The Cardiff area has many famous landmarks from its long and varied history, a testament to many different periods of occupation over the centuries. If you take in to account Caerau hillfort, on the western fringes of the city, then you can even venture as far back as the Neolithic period. However, the story of the city as we know it today begins with the Romans, who built a fort here around AD 55. The remains and reconstruction of a later Roman fort are now incorporated in to Cardiff Castle, a Norman stronghold possibly founded by William the Conqueror himself. Religious power in the medieval period was centred on the bishop’s seat at Llandaff Cathedral. The bishops were both powerful and wealthy, they built their own fortified Bishop’s Palace near to the cathedral.

It wasn’t until the industrial revolution that Cardiff became a major, modern metropolis. John Crichton-Stuart, 2nd Marquess of Bute developed the docks, exporting Welsh coal to the world, and transforming the town. The 3rd Marquess of Bute also spent a fortune recreating the Castle as a Victorian Gothic fantasy palace, including the addition of the famous Animal Wall. Cardiff’s newfound confidence was demonstrated by the commissioning of a grand new civic centre on Cathays Park, ultimately including Cardiff City Hall and the National Museum of Wales. Cardiff was granted city status by King Edward VII in October 1905 and was officially recognised as the capital of Wales 50 years later.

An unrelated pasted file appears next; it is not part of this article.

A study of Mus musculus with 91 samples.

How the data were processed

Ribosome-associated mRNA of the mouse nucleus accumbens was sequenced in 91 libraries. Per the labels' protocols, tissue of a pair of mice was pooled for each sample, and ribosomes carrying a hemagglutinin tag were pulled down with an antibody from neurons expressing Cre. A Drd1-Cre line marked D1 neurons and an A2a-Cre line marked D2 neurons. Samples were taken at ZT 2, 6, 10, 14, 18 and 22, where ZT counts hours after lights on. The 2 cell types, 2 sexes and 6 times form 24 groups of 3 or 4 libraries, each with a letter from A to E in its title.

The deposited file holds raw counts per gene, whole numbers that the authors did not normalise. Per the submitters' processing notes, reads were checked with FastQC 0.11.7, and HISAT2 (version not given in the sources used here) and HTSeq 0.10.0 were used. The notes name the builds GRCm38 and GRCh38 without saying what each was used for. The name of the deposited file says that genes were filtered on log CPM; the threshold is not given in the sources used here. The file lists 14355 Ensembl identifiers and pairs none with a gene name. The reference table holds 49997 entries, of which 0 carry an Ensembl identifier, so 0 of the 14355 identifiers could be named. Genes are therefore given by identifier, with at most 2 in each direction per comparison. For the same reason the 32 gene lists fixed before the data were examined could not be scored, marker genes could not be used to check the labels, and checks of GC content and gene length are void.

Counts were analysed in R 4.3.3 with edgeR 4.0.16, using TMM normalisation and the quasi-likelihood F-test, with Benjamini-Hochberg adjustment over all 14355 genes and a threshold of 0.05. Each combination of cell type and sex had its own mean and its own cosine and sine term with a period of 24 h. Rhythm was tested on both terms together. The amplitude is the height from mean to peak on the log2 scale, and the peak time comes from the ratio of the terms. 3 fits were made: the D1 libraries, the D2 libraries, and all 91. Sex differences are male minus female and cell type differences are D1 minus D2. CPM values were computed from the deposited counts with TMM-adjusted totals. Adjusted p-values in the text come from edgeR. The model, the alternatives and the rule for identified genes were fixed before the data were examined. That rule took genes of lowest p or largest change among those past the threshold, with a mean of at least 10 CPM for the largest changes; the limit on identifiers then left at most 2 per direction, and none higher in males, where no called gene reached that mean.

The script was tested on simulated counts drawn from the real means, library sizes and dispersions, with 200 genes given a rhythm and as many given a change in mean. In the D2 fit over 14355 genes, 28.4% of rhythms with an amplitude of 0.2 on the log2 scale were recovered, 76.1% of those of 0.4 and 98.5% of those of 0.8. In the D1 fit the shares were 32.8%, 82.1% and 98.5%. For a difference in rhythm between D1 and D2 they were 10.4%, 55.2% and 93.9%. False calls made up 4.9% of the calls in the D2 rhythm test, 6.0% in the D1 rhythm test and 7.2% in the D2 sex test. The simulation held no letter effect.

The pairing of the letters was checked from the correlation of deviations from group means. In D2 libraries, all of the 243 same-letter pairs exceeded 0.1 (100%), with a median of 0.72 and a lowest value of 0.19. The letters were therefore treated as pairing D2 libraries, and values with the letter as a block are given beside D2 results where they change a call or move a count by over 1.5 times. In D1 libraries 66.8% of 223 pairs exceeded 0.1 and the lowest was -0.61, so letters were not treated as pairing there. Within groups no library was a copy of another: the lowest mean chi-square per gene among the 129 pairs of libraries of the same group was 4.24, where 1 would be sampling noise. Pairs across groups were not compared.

In more recent times, following the decline of the coal industry, Cardiff has had to find a new identity. During the 1990s the old docks were redeveloped by the construction of Cardiff Bay Barrage, creating a 500 acre freshwater lake and a stunning new waterfront location.

Cardiff Bay is now home to new institutions that showcase Cardiff to the world, foremost among these is the Senedd building which houses the National Assembly for Wales. You will also find world class entertainment at the Wales Millennium Centre, home of the Welsh National Opera, and at Roald Dahl Plass, a large amphitheatre style plaza that plays host to open-air festivals.

These modern icons stand proudly alongside survivors from Cardiff’s industrial heyday, such as the Norwegian Church and Pierhead Building. The landscape binds the city’s past and future together, as Cardiff looks forward to a new era of success and prosperity.